Go on, admit it. This effort from German tuning house Startech might be a little ridiculous, but unequivocally cool. Making its debut at the Shanghai Auto Show, the bold British bakkie promises to “cut a splendid figure” whether rolling through the “magnificent boulevards” or trundling through “hill and dale” – according to its makers.
The folks at Startech say that while it’s been converted to this format, it retains the structural integrity of the base car. Transforming it from SUV to bakkie required designing and manufacturing 100 new bodywork components from aluminium, carbon fibre and steel.
From the pictures, the load bay isn’t particularly massive. And you could probably get a whole lot more in the boot of a standard Rangie. But once again, the cool factor! It’s lined with rugged plastic and offers a loading length of 110 centimetres. Startech believes it could catch on with golfers, or buyers in the Middle East who apparently “like to use the pickup bed for transporting a securely fastened cage that holds their falcons for the hunt.”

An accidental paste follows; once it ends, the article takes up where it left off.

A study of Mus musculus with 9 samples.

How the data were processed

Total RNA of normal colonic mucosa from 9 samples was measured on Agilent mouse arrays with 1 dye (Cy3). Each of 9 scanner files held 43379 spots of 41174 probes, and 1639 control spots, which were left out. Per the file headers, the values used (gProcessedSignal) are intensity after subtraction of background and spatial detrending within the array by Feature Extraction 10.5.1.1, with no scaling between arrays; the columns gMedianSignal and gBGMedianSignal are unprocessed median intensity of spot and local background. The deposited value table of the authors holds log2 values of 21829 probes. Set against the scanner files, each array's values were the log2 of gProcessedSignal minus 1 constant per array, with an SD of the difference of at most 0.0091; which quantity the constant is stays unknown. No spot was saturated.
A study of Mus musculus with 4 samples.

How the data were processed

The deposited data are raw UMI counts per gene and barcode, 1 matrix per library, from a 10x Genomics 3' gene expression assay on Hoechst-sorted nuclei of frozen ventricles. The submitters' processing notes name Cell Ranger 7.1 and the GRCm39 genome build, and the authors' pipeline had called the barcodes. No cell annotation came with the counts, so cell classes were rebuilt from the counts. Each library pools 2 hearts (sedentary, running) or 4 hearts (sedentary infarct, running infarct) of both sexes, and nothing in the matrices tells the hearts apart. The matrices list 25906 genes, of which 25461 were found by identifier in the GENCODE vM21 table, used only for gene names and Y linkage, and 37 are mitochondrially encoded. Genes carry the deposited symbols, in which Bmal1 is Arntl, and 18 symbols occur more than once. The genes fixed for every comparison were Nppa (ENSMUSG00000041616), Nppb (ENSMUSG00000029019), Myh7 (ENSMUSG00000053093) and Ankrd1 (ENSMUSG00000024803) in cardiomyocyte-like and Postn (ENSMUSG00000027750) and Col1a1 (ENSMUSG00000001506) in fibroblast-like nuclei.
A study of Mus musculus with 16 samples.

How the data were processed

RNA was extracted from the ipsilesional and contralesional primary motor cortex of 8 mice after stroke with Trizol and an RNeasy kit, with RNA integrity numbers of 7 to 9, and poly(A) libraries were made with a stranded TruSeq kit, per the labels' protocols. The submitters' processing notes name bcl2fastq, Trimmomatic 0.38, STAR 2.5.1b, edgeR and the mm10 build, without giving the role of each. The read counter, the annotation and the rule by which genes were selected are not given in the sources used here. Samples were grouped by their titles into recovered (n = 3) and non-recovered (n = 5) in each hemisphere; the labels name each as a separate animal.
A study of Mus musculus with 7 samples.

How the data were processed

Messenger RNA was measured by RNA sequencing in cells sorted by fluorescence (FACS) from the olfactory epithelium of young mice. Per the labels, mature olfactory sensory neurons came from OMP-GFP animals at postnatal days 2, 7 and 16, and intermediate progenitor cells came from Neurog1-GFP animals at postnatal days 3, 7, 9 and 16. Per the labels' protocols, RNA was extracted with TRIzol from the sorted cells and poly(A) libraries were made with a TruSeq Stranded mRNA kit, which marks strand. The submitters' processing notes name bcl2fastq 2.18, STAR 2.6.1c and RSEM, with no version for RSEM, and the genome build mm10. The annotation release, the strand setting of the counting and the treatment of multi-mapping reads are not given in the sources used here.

Land Rover’s five-litre, eight-cylinder supercharged mill has seen some mild enhancement for this application – the power output is rated at 387kW, enabling a charge from standstill to 100km/h in 5.8 seconds and a (limited) top speed of 250km/h. Additional grunt and acoustics comes courtesy of a new exhaust system, which also allows the driver to switch between “sporty and subtle” tones.
The accoutrements you see on the outside claim to give the Range Rover a little bit more in terms of aerodynamics. But we won’t fool ourselves; looking properly bad is the primary reason. Carbon fibre trim, wider fenders and 23-inch wheels are part of the package. The air suspension and all-wheel drive systems still work as they should too.
The best part is that this is a conversion buyers can actually have – it even comes with a warranty. And while it does look outlandish, there could be sense in owning one if you’re in China. You see, the market is subjected to hefty import duties. So a standard Range Rover costs around twice as much as it would in the USA. Whereas this Startech model, by virtue of being a bakkie, can be registered as a commercial vehicle – which negates those heavy fees. According to a release by Startech, these vehicles “may be cheaper for owners than a production luxury SUV.”